Just two days after a federal judge issued a scathing opinion in which he said the NSA phone metadata program is “likely unconstitutional,” the White House released the report from the five-member panel tasked with reviewing the agency’s data collection methods.
The Review Group on Intelligence and Communications Technology recommending 46 changes, some of which are significant, to the how the NSA gathers intelligence. The suggestions in the 303-page report, Liberty and Security in a Changing World, are non-binding.
“We have emphasized the need to develop principles designed to create strong foundations for the future,” said the panel members a letter to President Barack Obama. “Although we have explored past and current practices, and while that exploration has informed our recommendations, this Report should not be taken as a general review of, or as an attempt to provide a detailed assessment of, those practices.”
“We recognize that our forty-six recommendations, developed over a relatively short period of time, will require careful assessment by a wide range of relevant officials, with close reference to the likely consequences. Our goal has been to establish broad understandings and principles that can provide helpful orientation during the coming months, years, and decades,” the members added.
Initial reports indicated that the panel would suggest that the agency dismantle its vast controversial and heavily criticized phone record database, which stores information on virtually every American. Indeed, the panel even says that “the current storage by the government of bulk meta-data creates potential risks to public trust, personal privacy, and civil liberty.”
The report suggests that data still be retained by phone companies or a third-party for purposes of searches whenever authorized by the Foreign Intelligence Surveillance Court (FISC). There are also legislative reforms recommended that would limit the extent of the program.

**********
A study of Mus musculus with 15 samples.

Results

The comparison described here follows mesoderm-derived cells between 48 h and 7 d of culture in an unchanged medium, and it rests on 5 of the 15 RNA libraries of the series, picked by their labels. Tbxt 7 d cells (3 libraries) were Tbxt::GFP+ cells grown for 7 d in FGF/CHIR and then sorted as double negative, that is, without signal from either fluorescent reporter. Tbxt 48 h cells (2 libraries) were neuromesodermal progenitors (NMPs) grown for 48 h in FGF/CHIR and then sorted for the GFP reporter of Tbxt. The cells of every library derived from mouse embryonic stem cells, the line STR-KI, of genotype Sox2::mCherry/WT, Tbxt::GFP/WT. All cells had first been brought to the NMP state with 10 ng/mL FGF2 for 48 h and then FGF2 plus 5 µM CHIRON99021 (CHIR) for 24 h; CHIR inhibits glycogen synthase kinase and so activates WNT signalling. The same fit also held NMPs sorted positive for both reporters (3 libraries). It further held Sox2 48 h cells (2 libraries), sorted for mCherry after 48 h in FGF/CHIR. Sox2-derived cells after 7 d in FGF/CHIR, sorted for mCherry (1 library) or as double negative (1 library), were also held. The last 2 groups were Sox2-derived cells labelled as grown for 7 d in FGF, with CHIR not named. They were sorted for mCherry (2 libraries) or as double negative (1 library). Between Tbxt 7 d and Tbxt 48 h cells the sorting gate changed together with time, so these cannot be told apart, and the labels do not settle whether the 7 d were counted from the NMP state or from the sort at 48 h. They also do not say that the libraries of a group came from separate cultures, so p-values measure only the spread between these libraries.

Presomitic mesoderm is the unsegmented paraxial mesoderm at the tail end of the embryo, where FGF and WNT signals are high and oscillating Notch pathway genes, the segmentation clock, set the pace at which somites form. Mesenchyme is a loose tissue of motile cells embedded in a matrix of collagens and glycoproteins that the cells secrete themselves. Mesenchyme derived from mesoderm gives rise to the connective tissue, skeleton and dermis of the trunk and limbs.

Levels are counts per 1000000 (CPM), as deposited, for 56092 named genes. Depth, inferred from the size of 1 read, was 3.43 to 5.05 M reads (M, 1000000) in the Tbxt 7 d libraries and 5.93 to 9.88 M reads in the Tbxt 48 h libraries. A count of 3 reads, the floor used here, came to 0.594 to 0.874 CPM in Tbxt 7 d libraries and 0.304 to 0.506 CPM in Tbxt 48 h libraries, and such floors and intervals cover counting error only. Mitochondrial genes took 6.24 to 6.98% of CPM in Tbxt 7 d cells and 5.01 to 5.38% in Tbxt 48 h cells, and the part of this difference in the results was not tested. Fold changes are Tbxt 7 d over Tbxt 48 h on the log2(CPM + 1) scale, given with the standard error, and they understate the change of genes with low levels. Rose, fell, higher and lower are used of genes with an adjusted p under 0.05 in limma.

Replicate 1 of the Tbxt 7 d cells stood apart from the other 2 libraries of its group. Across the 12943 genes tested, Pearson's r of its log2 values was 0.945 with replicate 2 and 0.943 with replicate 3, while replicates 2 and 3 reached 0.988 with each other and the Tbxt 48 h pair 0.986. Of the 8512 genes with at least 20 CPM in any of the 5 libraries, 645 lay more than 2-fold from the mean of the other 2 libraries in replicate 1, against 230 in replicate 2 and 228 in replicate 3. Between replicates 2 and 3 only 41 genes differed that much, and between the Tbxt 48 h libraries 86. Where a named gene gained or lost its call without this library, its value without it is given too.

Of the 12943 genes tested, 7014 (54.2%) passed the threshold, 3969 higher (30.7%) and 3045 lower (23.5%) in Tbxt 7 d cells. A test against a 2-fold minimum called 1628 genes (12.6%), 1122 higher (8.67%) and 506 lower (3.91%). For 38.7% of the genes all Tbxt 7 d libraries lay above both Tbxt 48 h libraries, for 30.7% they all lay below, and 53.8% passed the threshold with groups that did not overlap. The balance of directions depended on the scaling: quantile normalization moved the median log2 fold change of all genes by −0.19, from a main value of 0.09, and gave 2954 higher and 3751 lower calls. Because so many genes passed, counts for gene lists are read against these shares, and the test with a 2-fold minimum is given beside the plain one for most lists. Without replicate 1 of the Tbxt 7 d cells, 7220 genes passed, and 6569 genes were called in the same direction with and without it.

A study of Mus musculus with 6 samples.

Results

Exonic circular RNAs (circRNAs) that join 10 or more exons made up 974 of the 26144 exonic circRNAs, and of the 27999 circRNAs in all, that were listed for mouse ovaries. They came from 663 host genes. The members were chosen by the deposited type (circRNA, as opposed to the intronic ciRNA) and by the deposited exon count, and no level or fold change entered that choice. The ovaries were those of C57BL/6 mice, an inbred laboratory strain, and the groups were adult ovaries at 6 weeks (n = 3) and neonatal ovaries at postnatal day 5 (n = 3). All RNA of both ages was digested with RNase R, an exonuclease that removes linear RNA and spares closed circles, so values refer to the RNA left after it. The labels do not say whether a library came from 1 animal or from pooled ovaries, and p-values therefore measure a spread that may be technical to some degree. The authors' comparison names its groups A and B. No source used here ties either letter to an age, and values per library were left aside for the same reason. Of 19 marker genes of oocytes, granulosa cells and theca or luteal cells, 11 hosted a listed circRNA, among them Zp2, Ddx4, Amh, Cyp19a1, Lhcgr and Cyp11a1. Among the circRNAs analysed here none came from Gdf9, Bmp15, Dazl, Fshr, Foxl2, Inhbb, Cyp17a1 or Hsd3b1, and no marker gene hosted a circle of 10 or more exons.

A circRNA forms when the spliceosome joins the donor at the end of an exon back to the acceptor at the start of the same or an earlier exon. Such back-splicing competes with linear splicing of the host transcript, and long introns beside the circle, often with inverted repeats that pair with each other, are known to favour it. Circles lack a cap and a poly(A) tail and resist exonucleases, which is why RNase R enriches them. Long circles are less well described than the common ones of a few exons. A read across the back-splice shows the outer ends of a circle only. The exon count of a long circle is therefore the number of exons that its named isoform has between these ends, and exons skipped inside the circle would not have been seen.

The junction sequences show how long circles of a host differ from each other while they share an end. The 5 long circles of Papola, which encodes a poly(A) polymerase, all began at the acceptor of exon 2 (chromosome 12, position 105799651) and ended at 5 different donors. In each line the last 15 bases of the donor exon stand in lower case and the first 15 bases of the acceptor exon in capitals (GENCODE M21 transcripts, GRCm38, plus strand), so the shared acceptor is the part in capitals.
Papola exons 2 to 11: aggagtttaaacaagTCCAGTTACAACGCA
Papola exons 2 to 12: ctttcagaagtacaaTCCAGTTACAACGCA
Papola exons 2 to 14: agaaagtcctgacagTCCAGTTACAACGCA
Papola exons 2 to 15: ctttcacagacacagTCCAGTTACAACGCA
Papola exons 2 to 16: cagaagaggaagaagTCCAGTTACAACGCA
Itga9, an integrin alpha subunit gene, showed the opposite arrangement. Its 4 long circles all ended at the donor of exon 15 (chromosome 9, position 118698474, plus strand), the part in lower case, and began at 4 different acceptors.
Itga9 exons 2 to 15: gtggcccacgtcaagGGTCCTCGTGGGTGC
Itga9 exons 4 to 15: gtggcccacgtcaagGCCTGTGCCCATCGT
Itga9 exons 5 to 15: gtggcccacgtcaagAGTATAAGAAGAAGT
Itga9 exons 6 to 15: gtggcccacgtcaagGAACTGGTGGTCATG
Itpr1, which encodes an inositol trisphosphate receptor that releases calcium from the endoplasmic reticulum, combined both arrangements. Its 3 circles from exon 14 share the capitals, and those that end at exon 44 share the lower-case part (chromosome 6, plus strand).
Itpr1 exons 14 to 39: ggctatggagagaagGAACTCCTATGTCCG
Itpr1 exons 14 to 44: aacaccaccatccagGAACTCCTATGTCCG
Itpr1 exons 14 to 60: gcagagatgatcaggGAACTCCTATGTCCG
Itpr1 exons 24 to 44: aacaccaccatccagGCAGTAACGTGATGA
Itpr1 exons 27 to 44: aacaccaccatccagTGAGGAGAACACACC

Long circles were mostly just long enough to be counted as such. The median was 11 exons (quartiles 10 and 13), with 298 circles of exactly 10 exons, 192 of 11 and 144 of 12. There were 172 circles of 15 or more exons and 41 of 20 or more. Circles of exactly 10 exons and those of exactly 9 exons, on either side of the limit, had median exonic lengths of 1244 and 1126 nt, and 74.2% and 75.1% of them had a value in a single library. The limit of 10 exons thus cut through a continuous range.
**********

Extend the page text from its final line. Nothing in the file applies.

Even though the storage of the data remains in place, though via phone companies or third-parties, the panel’s conclusion on its impact on civil liberties and the public trust is still very damning to the White House and the NSA. In fact, the entire report is damaging to President Obama’s case that the domestic surveillance programs be kept in place.
But reforms to the phone metadata recommendation have already been met with opposition from intelligence officials. The White House hasn’t communicated support for the suggestion and, given President Obama’s general defense of the NSA, one could surmise that nothing will change.
The American Civil Liberties Union (ACLU) praised the report, noting that some of the suggestions are the same as those they and other privacy advocates have proposed.
“We welcome this report, which advocates for many of the ACLU’s positions, including an end to the government’s dragnet collection of telephone metadata and its undermining of encryption standards,” said Anthony Romero, executive director of the ACLU. “NSA’s surveillance programs are un-American, unconstitutional, and need to be reined in. We urge President Obama to accept his own Review Panel’s recommendations and end these programs.”
The panel suggested that the Director of the NSA be subject to Senate confirmation and that civilians be made eligible to serve in the role (the latter has been rejected by the White House). The members also recommend that the NSA “clearly designated as a foreign intelligence organization,” and that other missions “should generally be reassigned elsewhere.”
There is also a call for a “Public Interest Advocate” to the FISC to “to represent privacy and civil liberties interests,” which is a part of privacy advocates proposed legislative reforms.
The panel encourages more transparency, accountability, and oversight over the NSA and FISC. They also recommend that the a new Civil Liberties and Privacy Protection Board be created to replace the previous board. This body would be authorized to receive whistleblower complaints from those in the employ of the intelligence community.
Other noteworthy items from the report are recommendations that the NSA not ask private companies to build gateways into their networks so that it can access encrypted communications and that greater protections for foreign nationals caught in the agency’s dragnet spying. It also suggests that the NSA no longer work to encryption protocols to read communications.
The panel’s report wasn’t slated for released until January, but the White House expedited the process because of leaks on its contents to the media. It comes as congressional supporters of the NSA dig in their heels, despite no documented evidence of terror plots foiled by the domestic surveillance programs.